A joint study by Australian credit bureau illion and analytics firm AlphaBeta has revealed a 67% increase in online gambling in the past week alone following the recent shutdown of all non-essential services due to COVID-19.
The figures, based on a sample of transactions of 250,000 Australian consumers, show the online gambling industry as one of the biggest winners of the shutdown, alongside services such as food delivery, up 63%, and online retail and subscription services, up 61%.
It does not, however, break down the rise in online gambling by type, nor does it outline whether the data refers only to legal gambling activities. Sports betting and wagering is permitted in Australia but online casino gaming and poker are among the activities strictly prohibited under the Interactive Gambling Act.
With the forced closure of clubs and casinos experts are concerned about the potential for problem gamblers to shift online, without some of the safeguards that exist while using poker machines at the club or casino.
Monash University associate professor Charles Livingstone told SBS News that for those who did make the switch online, the risks were potentially even higher.
“There is a difficulty for some people who are going to be tempted to shift their gambling expenditure online and for these people there could be quite serious consequences,” he said.
“There are no real limits to online gambling, and you can use credit cards to top up online gambling accounts, which you can’t use in pubs or clubs.”
According to data collected by analytics consultancy AlphaBeta and credit firm Illion, and first reported in the Nine papers, online gambling has seen a rapid growth.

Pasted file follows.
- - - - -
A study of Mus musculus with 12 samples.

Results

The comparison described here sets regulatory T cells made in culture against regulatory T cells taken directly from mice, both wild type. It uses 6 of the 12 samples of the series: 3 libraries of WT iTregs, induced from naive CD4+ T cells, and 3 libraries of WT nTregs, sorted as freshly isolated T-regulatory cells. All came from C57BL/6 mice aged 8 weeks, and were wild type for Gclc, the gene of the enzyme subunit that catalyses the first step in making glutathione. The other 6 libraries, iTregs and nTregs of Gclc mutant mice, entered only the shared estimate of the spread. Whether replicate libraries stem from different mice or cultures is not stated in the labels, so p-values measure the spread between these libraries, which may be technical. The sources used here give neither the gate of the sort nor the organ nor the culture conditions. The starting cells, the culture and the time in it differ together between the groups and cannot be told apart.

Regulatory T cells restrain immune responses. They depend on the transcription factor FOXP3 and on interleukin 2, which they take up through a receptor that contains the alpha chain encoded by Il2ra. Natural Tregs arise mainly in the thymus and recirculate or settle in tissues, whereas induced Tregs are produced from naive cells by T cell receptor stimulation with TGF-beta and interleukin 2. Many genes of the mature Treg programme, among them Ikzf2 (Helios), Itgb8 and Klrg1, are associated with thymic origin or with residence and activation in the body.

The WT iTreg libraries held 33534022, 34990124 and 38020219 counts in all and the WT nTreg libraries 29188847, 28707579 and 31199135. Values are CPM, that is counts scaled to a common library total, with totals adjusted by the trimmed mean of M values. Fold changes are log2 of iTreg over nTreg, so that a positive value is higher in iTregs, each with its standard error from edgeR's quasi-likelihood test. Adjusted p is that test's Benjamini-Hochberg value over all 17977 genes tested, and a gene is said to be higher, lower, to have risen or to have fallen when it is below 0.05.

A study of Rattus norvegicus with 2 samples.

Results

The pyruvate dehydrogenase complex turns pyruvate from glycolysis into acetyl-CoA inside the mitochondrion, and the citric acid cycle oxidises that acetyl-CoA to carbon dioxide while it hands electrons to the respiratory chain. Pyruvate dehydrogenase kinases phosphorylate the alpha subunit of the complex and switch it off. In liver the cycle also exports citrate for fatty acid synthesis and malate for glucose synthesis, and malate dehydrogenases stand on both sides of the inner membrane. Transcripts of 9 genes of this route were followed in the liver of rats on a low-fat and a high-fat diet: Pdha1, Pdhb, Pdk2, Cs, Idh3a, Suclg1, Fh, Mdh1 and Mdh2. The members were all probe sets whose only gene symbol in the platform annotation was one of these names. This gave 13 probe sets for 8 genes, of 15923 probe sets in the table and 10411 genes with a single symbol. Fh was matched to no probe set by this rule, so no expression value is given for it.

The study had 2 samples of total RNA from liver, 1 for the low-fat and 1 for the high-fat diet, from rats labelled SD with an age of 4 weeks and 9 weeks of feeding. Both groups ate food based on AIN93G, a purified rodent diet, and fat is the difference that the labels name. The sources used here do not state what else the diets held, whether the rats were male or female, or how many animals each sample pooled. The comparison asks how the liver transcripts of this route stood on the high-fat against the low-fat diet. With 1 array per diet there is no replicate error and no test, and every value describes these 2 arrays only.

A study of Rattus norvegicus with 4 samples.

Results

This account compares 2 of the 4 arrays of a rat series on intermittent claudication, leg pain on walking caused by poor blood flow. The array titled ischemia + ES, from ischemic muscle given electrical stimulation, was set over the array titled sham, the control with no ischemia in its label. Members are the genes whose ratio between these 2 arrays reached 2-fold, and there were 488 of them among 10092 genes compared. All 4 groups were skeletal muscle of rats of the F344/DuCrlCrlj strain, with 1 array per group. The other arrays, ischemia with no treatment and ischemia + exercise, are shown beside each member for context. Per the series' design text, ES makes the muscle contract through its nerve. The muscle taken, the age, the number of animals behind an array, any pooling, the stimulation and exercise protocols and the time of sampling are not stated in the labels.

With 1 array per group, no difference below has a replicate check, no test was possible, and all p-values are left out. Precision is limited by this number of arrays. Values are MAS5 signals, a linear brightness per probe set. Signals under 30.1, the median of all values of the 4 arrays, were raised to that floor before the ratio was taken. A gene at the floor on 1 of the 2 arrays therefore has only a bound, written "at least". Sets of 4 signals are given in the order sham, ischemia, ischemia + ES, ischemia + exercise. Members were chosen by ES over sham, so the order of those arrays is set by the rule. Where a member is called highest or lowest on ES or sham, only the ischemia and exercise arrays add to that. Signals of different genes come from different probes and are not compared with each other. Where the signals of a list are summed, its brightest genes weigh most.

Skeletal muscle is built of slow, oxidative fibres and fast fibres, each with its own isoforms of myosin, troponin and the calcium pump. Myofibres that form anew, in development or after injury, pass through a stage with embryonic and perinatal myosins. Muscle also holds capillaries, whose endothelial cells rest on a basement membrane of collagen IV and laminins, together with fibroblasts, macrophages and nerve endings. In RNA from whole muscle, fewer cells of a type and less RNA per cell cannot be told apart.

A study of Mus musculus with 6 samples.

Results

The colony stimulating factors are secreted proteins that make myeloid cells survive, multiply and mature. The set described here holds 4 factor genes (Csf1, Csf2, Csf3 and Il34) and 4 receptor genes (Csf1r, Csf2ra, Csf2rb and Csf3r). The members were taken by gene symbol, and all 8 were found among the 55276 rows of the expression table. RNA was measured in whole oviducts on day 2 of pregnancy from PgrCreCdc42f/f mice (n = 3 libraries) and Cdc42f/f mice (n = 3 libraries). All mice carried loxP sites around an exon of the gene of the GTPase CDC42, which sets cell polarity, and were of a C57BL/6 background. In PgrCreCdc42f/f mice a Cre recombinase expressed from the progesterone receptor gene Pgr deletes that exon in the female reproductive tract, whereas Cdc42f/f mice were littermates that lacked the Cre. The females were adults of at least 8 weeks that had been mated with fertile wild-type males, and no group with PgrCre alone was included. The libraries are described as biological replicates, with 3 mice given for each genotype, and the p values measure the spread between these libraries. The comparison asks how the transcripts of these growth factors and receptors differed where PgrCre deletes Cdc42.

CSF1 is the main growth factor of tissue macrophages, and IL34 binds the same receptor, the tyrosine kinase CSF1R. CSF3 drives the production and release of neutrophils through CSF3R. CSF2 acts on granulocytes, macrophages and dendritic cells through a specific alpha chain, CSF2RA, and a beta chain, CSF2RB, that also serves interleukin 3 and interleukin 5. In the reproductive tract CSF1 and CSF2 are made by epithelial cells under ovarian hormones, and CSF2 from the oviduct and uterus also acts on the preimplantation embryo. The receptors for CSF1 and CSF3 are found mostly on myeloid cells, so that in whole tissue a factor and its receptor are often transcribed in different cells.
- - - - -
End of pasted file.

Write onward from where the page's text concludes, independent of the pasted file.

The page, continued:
There has been a 67 percent increase during the first week of clubs and casinos being closed due to the coronavirus lockdown alone.
Professor Livingstone said the government needed to step up and regulate the online betting space, banning credit card usage and placing bet limits and daily loss maximums for online betting sites.
While horse racing is still running globally, major sporting codes such as the AFL and NRL have shut down due to the COVID-19 pandemic. Online bookies have had to turn to more novel markets to try and encourage people to bet.
Professor Samantha Thomas, a gambling expert from Deakin University, said that these novel markets involving obscure sports and reality TV betting were also risky.
“They are offering newer and quite strange markets for people to gamble on. So they may include Russian table tennis or Nicaraguan soccer,” she told SBS News.
And politics is not immune.
One online betting company in Australia is allowing punters to bet on what colour tie Prime Minister Scott Morrison will wear to his next press conference (the odds-on favourite is blue).
While a US betting site is taking bets on how many times US President Donald Trump will use his favourite words or phrases in his daily press conference.
But Professor Thomas said that these novelty markets still presented a risky proposition for problem gamblers.
She said gambling research shows that people are more likely to lose more money in times of great emotional or financial stress, such as the situation many Australians find themselves in now.
“We have a community that is potentially now under a lot of stress, we have them isolated at home, potentially bored and some of those people will be accessing lump sums of money.
“All of those things contribute to the risk of problem gambling,” she said.
He added that without stricter regulation of the online betting market, some people may end up in more harm than may otherwise have been the case.